Fighting back.

What the foreign papers are saying.
Dec. 14 2004 12:37 PM

The Bash-a-Burglar Law

A British bill could give homeowners more latitude in fighting intruders.

British newspapers have been abuzz over a bill that would ensure the right of homeowners to defend themselves against intruders. Initially opposed as unnecessary by Prime Minister Tony Blair, the proposal won Labor Party backing last week in what has been labeled a campaign tactic. Critics of the premier accuse him of flip-flopping on the issue, which has proved to be a hot topic among many Britons.

"Prime Minister Tony Blair last week said he would consider changing the law to send a clear signal the Government was on the side of the victim rather than the criminal," the Scotsman reported. "But now the Government's top lawyer has said burglars as well as their victims must have the right to protection from violence." The attorney general insisted that "burglars did not 'lose all rights' because they were engaged in criminal conduct," the paper said.

Blair was perceived to be responding to a Tory initiative that has been championed by the Sunday Telegraph. In a leader that made no effort to hide its gloating tone, the paper proclaimed, "We are proud that our campaign to give home-owners the unambiguous right to fight back against illegal intruders has now made a change in the law a real possibility. … In launching his own campaign to change the law, [Tory leader] Michael Howard noted that 'The Sunday Telegraph was the first newspaper to highlight this crucial issue' and our 'persistence has been a key factor in forcing Tony Blair's U-turn.' "


The campaign to enhance the legal right to fight back against illegal intruders has been strengthened by compelling cases that strike a chord among the British public. In 2000, British farmer Tony Martin became something of a cause célèbre for homeowners' rights when he was sentenced to five years in prison for the shooting death of a 16-year-old who had broken into his isolated  farm house. * More recently, the brutal murder of a London financier by two teenage intruders in his home has the British public seething and demanding recourse for law-abiding citizens.

Writing in the Times of London, a columnist noted that the government is responding to the public's fear of crime, which is rising, rather than the actual rate of crime, which is falling. The bill "would amend Section 3 of the 1967 Criminal Law Act so that householders who confront burglars would face prosecution only if the force they used were 'grossly disproportionate,' rather than unreasonable," the columnist wrote. "[H]ow much force is it reasonable to use against an intruder whom one has no reason to believe is armed or is a threat, but of whom nevertheless one is terribly afraid because he could be armed or violent? It isn't, in other words, self-defense because nobody is attacking you—but it certainly feels like it."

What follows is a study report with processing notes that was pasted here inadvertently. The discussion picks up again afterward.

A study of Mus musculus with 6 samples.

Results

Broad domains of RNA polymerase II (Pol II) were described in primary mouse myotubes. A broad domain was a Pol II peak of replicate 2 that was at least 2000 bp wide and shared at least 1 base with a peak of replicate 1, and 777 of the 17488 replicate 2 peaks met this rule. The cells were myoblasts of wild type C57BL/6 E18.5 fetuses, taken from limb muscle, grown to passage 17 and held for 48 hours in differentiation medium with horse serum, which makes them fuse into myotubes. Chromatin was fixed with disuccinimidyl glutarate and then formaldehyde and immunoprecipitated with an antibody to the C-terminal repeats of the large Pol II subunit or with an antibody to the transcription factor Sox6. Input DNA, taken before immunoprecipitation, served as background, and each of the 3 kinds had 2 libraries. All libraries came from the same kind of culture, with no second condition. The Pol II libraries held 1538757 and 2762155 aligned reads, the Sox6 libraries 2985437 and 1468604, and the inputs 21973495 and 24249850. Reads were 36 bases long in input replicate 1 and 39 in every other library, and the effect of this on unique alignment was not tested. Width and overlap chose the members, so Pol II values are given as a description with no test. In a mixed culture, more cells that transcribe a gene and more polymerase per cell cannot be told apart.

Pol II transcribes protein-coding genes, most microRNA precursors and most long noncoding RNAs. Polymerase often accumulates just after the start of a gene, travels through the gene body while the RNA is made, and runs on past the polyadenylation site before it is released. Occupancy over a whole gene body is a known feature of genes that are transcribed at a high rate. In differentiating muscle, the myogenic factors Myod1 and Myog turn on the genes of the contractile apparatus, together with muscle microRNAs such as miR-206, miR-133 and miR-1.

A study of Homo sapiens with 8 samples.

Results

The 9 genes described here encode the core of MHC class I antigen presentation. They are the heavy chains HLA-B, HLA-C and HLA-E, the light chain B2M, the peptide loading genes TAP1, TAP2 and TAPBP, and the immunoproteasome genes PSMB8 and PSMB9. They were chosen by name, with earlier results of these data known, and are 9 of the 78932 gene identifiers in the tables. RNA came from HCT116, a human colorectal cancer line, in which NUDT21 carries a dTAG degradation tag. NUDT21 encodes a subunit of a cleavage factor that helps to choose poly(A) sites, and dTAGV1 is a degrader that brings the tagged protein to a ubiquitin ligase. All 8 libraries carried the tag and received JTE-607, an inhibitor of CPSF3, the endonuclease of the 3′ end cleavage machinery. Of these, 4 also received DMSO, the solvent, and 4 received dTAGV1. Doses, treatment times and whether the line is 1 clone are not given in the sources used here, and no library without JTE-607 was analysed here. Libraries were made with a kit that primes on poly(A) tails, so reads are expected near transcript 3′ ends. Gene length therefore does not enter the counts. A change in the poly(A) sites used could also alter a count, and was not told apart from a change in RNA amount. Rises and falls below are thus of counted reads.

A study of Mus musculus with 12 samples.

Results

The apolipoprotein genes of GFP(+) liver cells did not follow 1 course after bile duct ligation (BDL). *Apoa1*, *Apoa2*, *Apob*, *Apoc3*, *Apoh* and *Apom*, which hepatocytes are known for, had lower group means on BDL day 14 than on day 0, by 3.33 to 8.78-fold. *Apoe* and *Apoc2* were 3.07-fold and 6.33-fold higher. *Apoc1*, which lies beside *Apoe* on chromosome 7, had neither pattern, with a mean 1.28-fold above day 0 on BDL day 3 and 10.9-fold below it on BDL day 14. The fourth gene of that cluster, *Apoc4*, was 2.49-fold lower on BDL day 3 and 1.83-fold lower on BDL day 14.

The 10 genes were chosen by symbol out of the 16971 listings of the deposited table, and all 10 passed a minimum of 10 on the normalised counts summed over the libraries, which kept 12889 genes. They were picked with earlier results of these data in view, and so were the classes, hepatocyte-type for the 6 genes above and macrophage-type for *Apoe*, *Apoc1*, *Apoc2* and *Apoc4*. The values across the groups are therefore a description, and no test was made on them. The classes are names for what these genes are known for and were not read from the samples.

"Top Cop's Shock Confession" was the headline in the Sunday Mirror's article that detailed the Metropolitan Police Commissioner's personal experience with burglary. "We believe they fled when my wife opened the front door so I was very near coming face-to-face with them," he told the paper. "If that had happened I would have used a reasonable level of violence. I would have had a truncheon and would have grabbed what was necessary from around the house to arrest them. They wouldn't have come back."

Not everyone is so sure the bill is wise. Writing in the Guardian, a columnist expressed skepticism over whether it is truly needed. "If someone really is attacking your wife and children in your home, almost anything you do is likely to be regarded as reasonable by the courts. Not only that, but if your family is at hazard, you are extremely unlikely to hang around calculating the odds on your prosecution," the columnist wrote. "[I]f there is someone downstairs late at night, are you to be encouraged to tackle them using violence, emboldened by a change in the law? ... [S]hould I ... invest in a machete, or a small gun, even? After all, to give me a chance against a dangerous drug-fiend, I must have better weapons than him. And if he did have a knife or something, what would 'grossly disproportionate' mean? Hand grenades? A bazooka?"

The Independent reported on the findings of a government study of burglars. Titled Decision-Making by House Burglars: Offenders' Perspectives,the survey found that most burglars do not fear being caught, and they are not deterred by traditional security equipment. Nearly one-third of burglars in London are under the age of 17, and illegal drug habits are a key motivator for them. The study, which was conducted with no connection to the current legislation, found that the most effective prevention tools is none other than man's best friend: A barking dog can deter most burglars more than the most sophisticated alarms and neighborhood watch committees.

Correction,Dec. 14, 2004: This article originally referred to British farmer Tony Martin's arrest as "recent." In fact, the shooting incident for which he gained notoriety occurred in August 1999. (Return to corrected sentence.)